Mr or Mr. ? — October 25, 2017

Mr or Mr. ?

Should we write ‘Mr’ or ‘Mr.’ when addressing a letter to a male recipient? The issue is not so intricate. It’s got to do with contractions and abbreviations.

Contractions and abbreviations are both widely used in English. Yet they are different.
English students are most familiar with negative verb forms, such as aren’t and isn’t. These are the contracted forms of ‘are not’ and ‘is not’.

Abbreviations instead are used when we report only the first syllable of a long word. For instance, when writing dates: 5 Oct. 2017. Another good example is the word approx. which stands for “approximately”.

So, when you write the first and the last letter of any word, that is considered a contraction and must not be followed by a dot. Whereas when writing an abbreviation, you have to put it.

In conclusion, Mr is correct, and Mr. is not.

Perhaps the subject is a bit trite, but as English actor Michael Caine says ‘Not a lot of people know about it’.


Express, Don’t Impress — October 16, 2017

Express, Don’t Impress

Here’s hopefully a useful piece of advice when taking part in the speaking section of the IELTS exam.

A common mistake is that of trying to impress the examiner with some tortuous and very difficult to follow line of thought when answering a very simple question. For example, the examiner could ask you why you think people today prefer online newspapers to traditional ones. Avoid coming up with some convoluted explanation. Rather, express yourself clearly. You could think of one or two main points and then explain them as simply as possible.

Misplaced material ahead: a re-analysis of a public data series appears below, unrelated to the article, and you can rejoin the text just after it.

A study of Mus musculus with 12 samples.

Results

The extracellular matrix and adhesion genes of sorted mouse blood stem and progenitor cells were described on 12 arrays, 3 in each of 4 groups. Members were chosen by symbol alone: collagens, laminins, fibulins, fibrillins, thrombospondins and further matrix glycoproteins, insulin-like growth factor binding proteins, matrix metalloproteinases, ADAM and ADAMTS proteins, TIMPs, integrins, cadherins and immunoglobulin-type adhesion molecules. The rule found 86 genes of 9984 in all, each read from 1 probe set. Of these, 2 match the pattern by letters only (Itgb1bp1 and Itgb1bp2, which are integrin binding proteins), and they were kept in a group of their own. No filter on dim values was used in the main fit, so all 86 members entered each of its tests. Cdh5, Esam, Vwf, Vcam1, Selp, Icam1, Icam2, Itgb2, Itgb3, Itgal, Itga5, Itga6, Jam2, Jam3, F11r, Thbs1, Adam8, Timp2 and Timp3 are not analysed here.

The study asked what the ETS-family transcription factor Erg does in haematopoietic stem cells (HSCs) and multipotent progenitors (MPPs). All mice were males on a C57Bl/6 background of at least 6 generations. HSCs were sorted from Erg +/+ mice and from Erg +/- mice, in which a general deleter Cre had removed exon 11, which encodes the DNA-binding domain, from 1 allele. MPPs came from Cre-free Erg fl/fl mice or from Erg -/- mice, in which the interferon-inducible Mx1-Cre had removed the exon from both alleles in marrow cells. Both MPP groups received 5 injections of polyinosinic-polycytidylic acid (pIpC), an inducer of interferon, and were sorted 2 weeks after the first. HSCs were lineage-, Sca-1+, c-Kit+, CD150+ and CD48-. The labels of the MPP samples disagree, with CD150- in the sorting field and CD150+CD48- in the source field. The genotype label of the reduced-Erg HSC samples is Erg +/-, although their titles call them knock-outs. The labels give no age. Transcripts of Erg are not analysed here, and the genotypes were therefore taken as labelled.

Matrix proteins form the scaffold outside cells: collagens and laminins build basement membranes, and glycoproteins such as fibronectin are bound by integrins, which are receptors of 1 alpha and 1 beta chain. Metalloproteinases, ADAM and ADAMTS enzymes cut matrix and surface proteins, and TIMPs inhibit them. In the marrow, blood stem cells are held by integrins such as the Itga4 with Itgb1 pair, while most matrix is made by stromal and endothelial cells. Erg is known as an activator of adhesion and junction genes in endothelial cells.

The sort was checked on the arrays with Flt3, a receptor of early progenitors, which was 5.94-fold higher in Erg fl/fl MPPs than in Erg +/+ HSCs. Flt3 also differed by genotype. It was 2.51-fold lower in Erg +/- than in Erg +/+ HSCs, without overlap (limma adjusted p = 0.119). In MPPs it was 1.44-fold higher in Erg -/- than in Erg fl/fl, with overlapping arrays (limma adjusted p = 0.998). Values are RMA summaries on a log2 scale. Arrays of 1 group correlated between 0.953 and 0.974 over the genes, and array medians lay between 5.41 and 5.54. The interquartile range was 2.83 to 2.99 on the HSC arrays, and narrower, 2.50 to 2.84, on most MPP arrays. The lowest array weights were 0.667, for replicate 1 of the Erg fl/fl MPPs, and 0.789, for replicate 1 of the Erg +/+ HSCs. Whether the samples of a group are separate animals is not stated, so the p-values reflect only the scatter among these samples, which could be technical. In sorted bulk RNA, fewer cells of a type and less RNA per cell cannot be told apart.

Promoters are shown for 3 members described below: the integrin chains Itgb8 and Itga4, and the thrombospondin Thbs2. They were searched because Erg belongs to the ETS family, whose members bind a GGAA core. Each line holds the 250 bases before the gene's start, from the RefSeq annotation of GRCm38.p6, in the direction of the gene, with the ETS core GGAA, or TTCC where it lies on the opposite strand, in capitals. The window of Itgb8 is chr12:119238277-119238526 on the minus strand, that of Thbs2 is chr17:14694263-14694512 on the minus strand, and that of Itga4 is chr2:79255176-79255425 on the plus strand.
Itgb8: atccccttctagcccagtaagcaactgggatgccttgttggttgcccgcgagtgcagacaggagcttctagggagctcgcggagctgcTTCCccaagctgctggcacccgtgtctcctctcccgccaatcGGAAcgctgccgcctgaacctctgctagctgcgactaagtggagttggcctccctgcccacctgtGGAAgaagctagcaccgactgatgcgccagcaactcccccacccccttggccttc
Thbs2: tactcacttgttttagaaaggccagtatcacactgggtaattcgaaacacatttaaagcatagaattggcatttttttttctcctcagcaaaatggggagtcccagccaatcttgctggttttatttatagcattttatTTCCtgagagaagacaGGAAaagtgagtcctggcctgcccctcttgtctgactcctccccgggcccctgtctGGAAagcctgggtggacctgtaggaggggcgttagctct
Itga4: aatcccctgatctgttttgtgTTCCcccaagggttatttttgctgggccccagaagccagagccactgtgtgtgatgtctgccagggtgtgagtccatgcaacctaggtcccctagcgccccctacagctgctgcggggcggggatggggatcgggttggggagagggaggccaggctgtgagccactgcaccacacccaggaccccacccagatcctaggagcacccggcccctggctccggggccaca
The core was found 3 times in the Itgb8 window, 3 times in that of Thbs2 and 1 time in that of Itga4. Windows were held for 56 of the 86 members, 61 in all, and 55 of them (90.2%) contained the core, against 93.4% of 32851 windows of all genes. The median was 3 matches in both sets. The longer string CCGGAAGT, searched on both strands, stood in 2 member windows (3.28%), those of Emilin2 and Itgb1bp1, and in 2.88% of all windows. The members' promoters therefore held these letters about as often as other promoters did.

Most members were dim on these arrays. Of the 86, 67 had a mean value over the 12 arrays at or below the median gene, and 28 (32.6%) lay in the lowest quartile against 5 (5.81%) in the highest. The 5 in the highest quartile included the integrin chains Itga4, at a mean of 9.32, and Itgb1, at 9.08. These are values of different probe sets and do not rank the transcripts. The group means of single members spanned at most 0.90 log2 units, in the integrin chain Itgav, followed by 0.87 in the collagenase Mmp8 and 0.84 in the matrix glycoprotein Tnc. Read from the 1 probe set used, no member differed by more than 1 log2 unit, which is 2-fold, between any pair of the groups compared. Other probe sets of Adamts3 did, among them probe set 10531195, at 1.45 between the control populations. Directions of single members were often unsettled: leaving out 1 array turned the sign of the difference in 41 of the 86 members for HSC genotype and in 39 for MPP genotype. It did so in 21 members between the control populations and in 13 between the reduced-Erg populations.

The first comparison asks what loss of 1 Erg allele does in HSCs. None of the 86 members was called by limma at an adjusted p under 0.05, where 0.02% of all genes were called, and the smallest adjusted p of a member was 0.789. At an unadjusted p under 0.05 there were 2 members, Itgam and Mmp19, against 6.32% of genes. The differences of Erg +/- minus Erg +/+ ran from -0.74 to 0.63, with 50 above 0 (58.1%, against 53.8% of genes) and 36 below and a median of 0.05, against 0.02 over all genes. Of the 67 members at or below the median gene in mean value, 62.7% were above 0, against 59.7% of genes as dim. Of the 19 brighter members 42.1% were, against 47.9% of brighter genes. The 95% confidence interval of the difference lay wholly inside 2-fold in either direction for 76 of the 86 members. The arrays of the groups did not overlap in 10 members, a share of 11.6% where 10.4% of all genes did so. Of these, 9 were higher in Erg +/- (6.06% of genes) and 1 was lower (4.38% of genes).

Remember the KISS principle : KEEP IT SHORT AND SIMPLE!


How to get the most out of your English lesson — October 9, 2017

How to get the most out of your English lesson

Learning a new language isn’t easy. It’s not only about learning new words and how they are put together according to predefined grammar rules. It’s mostly about understanding how ideas are built and that takes time and effort. To help you achieve this goal a good English Language school and a prepared teacher are necessary but not sufficient. What is necessary is you. You need to take responsibility for your learning development.

Admittedly, after a heavy day at school or office you’re not in the best shape to attend an English lesson. Yet, there are some useful steps you can take before:

For example, briefly review the content of the previous lesson. Review any unclear grammar area or new words learnt. Ask your teacher for any needed clarification. Remember, you have a right to expect your teacher to assist you but you cannot expect the teacher to learn the language for you. And please bring your course book and notebook to class; it serves no good leaving them at home.

These suggestions are not too difficult for you to follow. Rather they are reasonable goals that you can easily reach.


Neither fish nor fowl — October 2, 2017

Neither fish nor fowl

I find it difficult to understand your proposal. As a matter of fact it’s neither fish nor fowl.

What do you think this idiomatic expression means “to be neither fish nor fowl” ? It basically refers to someone or something that can’t be easily classified or identified with any definite group.